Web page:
The FINANCIAL — A flagship event on trade and environment marking the 20th anniversary of the WTO was held at WTO headquarters on 28 April 2015 with the participation of Director-General Roberto Azevêdo and the Executive Director of the United Nations Environment Programme (UNEP), Mr Achim Steiner.
The event provided an opportunity to take stock of the increasing interconnections between trade and environment since the establishment of the WTO and to look ahead to what needs to be done to ensure these two areas continue to be mutually supportive in the years to come.
The event brought together leaders and renowned experts in the field of trade and environment, including the Executive Secretary of the Basel, Rotterdam and Stockholm Conventions and the Secretary-General of the Convention on International Trade in Endangered Species of Wild Fauna and Flora (CITES), according to WTO.
DG Azevêdo highlighted the increasing importance of trade-related measures aimed at environmental goals and the role of WTO institutions and activities in ensuring such measures contribute efficiently to sustainable development.
Mr Steiner and Mr Azevêdo emphasized the need to redouble efforts at all levels to ensure that trade and environmental policies go hand in hand.
Director-General Azevêdo said:
“20 years ago the founders of the WTO saw clearly that the well-being of habitats, societies, and economies are not separate. Rather, they are inextricably linked. Their vision was of global cooperation in trade as a means to unleash growth, alleviate poverty, raise living standards and ensure full employment, while also protecting the environment.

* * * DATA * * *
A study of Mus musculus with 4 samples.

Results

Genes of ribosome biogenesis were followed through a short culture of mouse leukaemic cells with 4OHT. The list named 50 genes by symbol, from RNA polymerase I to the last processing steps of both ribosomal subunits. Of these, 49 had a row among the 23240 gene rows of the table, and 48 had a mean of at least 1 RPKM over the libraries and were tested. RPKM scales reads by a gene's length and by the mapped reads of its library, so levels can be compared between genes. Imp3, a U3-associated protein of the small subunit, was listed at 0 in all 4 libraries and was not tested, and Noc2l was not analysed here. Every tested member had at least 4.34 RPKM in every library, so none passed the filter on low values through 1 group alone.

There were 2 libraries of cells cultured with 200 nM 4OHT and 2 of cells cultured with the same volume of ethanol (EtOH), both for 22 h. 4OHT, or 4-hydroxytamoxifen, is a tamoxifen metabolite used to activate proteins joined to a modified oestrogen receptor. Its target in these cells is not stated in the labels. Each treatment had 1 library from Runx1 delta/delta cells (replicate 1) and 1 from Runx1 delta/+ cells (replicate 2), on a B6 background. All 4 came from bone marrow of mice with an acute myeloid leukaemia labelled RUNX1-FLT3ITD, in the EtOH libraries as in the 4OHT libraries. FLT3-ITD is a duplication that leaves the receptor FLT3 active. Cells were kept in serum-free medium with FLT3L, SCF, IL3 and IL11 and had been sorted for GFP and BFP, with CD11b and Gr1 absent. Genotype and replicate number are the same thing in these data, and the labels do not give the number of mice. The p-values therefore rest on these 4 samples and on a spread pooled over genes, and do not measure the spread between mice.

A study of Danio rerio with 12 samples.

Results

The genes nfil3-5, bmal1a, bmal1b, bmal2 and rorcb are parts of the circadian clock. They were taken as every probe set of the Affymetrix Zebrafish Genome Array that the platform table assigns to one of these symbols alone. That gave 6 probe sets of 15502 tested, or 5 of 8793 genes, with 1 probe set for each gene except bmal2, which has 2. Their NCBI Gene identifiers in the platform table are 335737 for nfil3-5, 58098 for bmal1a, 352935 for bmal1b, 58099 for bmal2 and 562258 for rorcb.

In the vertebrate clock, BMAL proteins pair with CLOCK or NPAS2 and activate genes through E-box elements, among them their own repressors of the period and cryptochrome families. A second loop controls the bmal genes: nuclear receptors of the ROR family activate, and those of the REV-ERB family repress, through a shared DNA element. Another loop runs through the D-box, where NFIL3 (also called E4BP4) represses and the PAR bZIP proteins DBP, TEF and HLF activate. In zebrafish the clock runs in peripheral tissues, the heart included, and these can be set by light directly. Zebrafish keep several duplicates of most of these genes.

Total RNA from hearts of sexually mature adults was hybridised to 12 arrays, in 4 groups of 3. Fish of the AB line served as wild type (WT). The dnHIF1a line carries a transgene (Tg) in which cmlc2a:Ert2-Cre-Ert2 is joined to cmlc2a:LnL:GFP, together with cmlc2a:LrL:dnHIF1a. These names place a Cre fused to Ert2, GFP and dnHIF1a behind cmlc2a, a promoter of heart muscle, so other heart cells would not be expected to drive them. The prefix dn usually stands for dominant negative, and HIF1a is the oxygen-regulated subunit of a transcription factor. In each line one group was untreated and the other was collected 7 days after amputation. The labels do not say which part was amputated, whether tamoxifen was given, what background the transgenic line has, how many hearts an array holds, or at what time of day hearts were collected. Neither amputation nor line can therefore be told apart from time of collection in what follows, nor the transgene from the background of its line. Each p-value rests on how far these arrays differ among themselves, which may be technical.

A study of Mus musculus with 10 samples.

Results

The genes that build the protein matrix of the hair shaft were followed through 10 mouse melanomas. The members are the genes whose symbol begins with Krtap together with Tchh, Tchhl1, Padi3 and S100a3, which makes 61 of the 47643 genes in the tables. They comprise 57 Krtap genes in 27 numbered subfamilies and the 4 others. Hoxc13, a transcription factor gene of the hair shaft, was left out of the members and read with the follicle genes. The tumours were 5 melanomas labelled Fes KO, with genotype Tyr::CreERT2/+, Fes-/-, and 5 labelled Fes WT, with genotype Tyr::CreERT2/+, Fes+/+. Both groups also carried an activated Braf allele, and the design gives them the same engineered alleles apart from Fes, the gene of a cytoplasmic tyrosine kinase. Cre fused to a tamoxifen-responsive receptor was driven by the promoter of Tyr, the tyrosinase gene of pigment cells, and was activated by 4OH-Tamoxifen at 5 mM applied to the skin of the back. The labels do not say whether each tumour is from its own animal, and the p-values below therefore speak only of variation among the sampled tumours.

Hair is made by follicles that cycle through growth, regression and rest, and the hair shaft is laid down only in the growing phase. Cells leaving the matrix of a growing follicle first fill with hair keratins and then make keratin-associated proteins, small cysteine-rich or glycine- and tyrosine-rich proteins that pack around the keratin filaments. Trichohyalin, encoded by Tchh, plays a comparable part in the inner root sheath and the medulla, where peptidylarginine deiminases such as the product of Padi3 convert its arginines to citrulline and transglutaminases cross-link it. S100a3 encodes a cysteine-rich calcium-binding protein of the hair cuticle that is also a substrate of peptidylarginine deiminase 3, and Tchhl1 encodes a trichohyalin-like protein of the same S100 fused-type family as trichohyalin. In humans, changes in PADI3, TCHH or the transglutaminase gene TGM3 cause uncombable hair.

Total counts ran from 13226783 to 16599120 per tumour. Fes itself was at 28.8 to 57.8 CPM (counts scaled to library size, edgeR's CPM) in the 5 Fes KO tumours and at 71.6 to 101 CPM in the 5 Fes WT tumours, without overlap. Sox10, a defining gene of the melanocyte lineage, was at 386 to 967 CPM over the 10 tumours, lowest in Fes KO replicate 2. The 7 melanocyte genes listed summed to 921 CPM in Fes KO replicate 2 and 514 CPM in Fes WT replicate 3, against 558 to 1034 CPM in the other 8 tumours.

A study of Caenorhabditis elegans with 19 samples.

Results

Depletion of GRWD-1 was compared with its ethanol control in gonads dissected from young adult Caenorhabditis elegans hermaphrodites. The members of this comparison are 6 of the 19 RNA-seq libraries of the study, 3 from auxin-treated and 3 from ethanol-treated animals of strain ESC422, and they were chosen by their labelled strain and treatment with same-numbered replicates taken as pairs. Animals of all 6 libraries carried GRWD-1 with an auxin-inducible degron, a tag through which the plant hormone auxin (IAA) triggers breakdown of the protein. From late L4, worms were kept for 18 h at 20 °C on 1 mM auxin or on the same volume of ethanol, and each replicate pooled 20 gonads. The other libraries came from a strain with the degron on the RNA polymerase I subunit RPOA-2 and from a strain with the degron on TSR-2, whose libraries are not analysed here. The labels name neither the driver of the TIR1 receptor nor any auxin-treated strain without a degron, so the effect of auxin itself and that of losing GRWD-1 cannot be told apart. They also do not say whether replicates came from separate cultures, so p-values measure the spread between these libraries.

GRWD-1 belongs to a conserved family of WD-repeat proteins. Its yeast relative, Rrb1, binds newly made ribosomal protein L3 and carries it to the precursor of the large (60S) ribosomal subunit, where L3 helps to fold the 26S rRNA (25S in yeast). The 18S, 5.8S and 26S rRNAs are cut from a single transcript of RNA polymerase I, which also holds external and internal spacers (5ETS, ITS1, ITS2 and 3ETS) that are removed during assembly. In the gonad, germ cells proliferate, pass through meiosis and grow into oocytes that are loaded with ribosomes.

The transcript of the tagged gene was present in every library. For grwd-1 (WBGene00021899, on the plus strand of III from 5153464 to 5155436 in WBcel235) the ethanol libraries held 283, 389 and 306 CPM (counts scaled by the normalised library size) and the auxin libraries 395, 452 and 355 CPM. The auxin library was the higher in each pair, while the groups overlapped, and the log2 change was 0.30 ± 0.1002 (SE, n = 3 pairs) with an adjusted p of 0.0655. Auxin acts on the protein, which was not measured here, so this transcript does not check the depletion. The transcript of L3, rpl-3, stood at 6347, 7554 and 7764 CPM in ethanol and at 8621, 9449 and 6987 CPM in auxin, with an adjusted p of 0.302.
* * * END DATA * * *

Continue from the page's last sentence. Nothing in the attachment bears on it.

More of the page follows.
“In the 20 years since then, the connections between trade and the environment have grown significantly. We must therefore do more to ensure that trade and environmental policies work better together, both at national and international levels. Today we have taken an important step forward to improve multilateral cooperation and dialogue on these issues.”
Executive Director Steiner said:
“Trade brings the world closer together — bringing with it many opportunities but also challenges. It will not drive sustainable development by itself, but only if the international community clearly commits itself to trade-related policies and other support measures that are conducive to environmental, social and economic sustainability.
“International trade governance is evolving quickly. We need to assure that new structures do not come at the cost of the environment, but are drivers of an inclusive Green Economy. UNEP looks forward to continuing collaboration with the WTO as it prepares for its Ministerial Conference in Nairobi and for the decades to come.”